One Last Cast – Chapter 41

One Last Cast
From Alaska Outdoors Radio Magazine
By Evan Swensen
Chapter Forty-One
Winter Trail

Winter hikes in the far north demand a different attitude than conventional hikes elsewhere. Hikers must adapt their mental makeup to cope with darkness and cold that can drive a person over the brink.

This is winter wilderness Alaska right out of the pages of Jack London and Robert Service. Winter hikes are not for the unprepared. A minor incident may end in major tragedy. On the other hand, a winter hike can lead to high adventure for the prepared and informed. The three most important rules of winter hiking in Alaska are: (1) be prepared, (2) be prepared, and (3) be prepared.

My experience on the winter trail has given me many unusual memories. Once, at 59 degrees below zero, I had to preheat white gas with a small fire before it would vaporize enough to burn in the Coleman stove and lantern. Cooking breakfast was a problem in subzero weather one morning when frozen raw eggs had to be peeled before they could be put in the frying pan. Pancakes cooked over an open fire were burned on the outside and nearly raw in the middle. The fire could only give enough heat to cook the batter next to the pan. The outside temperature was so low, it kept the top and middle from enough heat to change the batter to a pancake.

I have seen breath vaporize and freeze on a beard causing whiskers to break when touched. At 60 degrees below, spit turns to ice before it hits the snow, any exposed flesh will freeze within 30 seconds, and extremely cold air entering lungs can cause damage. When ice fishing, fish are flash-frozen when pulled from the ice hole.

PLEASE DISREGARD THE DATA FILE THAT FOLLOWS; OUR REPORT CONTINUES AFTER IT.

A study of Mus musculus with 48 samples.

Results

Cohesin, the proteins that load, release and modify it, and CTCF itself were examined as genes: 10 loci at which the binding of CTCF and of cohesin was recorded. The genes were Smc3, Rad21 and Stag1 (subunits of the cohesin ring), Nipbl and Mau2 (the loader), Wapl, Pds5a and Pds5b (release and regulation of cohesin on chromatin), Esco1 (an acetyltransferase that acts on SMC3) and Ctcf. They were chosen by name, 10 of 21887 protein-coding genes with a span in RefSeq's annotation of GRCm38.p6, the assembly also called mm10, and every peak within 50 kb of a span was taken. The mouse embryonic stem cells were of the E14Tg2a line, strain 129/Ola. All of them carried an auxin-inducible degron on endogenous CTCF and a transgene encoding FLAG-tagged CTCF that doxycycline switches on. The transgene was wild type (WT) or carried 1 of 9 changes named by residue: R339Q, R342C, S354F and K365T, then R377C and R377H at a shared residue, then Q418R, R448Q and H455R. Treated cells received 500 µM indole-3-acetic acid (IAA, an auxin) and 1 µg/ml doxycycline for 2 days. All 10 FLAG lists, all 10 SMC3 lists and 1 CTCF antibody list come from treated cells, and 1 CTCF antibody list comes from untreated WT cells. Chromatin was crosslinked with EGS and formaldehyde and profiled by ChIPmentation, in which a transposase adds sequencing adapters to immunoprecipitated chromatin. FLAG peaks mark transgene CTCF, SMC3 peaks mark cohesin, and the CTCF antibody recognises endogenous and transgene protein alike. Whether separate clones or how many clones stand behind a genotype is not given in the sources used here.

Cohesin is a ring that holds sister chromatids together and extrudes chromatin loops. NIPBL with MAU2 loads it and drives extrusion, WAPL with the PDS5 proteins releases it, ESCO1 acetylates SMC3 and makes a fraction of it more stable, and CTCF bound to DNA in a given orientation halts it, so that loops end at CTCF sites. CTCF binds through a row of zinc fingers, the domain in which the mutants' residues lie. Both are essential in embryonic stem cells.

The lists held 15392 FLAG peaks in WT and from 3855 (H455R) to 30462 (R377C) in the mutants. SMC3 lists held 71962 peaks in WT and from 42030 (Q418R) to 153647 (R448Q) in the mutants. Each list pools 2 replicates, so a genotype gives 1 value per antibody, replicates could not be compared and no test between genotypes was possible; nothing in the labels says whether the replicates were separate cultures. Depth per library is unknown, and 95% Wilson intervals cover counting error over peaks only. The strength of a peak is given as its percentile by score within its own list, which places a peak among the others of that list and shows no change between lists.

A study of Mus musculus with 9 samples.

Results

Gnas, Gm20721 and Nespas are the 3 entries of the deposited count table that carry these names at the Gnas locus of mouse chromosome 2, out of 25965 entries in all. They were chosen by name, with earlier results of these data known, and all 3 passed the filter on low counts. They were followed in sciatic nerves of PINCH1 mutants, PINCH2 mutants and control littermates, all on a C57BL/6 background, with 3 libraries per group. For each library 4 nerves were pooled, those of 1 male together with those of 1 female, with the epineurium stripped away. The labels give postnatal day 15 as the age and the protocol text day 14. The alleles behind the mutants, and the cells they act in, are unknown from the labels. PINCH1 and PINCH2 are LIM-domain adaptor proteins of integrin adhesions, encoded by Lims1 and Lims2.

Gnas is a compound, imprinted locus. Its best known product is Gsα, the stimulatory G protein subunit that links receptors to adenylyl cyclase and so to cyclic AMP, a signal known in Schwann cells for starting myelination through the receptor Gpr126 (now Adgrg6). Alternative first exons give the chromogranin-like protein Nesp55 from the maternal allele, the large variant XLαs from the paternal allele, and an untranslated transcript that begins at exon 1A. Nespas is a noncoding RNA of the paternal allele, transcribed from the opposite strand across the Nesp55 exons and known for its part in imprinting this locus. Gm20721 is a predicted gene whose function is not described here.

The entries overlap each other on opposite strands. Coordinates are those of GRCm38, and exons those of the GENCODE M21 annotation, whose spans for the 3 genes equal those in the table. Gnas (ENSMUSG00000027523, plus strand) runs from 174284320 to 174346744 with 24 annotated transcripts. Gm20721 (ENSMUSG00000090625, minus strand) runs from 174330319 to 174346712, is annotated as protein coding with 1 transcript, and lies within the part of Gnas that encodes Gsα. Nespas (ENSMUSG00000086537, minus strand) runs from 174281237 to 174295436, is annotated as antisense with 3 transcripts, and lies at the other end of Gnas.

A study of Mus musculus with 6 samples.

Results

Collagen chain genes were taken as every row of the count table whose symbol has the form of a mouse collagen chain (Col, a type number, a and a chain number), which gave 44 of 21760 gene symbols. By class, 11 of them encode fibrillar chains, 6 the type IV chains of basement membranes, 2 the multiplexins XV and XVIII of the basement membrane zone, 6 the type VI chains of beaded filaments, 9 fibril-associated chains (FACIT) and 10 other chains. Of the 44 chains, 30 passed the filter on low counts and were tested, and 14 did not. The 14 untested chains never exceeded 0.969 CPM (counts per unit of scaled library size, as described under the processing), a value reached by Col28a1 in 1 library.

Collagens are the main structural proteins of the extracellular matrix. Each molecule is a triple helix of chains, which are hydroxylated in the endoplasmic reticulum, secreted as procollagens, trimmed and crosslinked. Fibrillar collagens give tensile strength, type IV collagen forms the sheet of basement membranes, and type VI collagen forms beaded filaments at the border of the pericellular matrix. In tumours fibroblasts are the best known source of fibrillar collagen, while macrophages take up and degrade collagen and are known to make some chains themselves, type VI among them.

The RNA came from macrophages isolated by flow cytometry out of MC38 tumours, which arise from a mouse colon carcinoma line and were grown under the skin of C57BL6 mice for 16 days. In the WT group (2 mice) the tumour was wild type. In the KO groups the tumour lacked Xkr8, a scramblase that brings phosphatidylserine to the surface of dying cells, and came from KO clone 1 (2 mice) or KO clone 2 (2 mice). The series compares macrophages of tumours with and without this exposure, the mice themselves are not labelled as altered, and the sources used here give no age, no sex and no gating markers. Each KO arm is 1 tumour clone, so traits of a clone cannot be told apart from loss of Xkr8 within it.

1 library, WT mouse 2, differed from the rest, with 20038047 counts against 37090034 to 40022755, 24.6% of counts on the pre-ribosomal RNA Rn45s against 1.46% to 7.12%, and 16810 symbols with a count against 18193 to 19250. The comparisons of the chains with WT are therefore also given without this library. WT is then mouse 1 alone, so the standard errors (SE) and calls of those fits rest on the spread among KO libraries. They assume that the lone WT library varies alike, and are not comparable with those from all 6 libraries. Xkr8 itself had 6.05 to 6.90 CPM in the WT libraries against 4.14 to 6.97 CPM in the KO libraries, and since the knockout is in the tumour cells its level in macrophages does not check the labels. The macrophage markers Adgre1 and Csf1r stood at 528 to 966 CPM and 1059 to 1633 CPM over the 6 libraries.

Unexplained phenomena occur in cold, clear air. Once I saw a large, Chicago-like city with high-rises and skyscrapers. It wasn’t a cloud formation, but the refracted image of the city projected against the deep-blue southern sky. Another time, standing on level ground at night, I could see taxiway lights of an airport more than 35 miles away.

Yes, as Robert Service wrote, “There are strange things done in the midnight sun.” But, for the adventurous and well prepared, a winter hiker will find, “Arctic trails have their secret tales,” and the strangest sights of the northern lights may well be the ones the Greatland reserves for you.

Evan, who lives in Anchorage, has 9 children, 25 grandchildren, and 6 great grandchildren. As a pilot, he has logged more than 4,000 hours of flight time in Alaska, in both wheel and float planes. He is a serious recreation hunter and fisherman, equally comfortable casting a flyrod or using bait, or lures. He has been published in many national magazines and is the author of four books.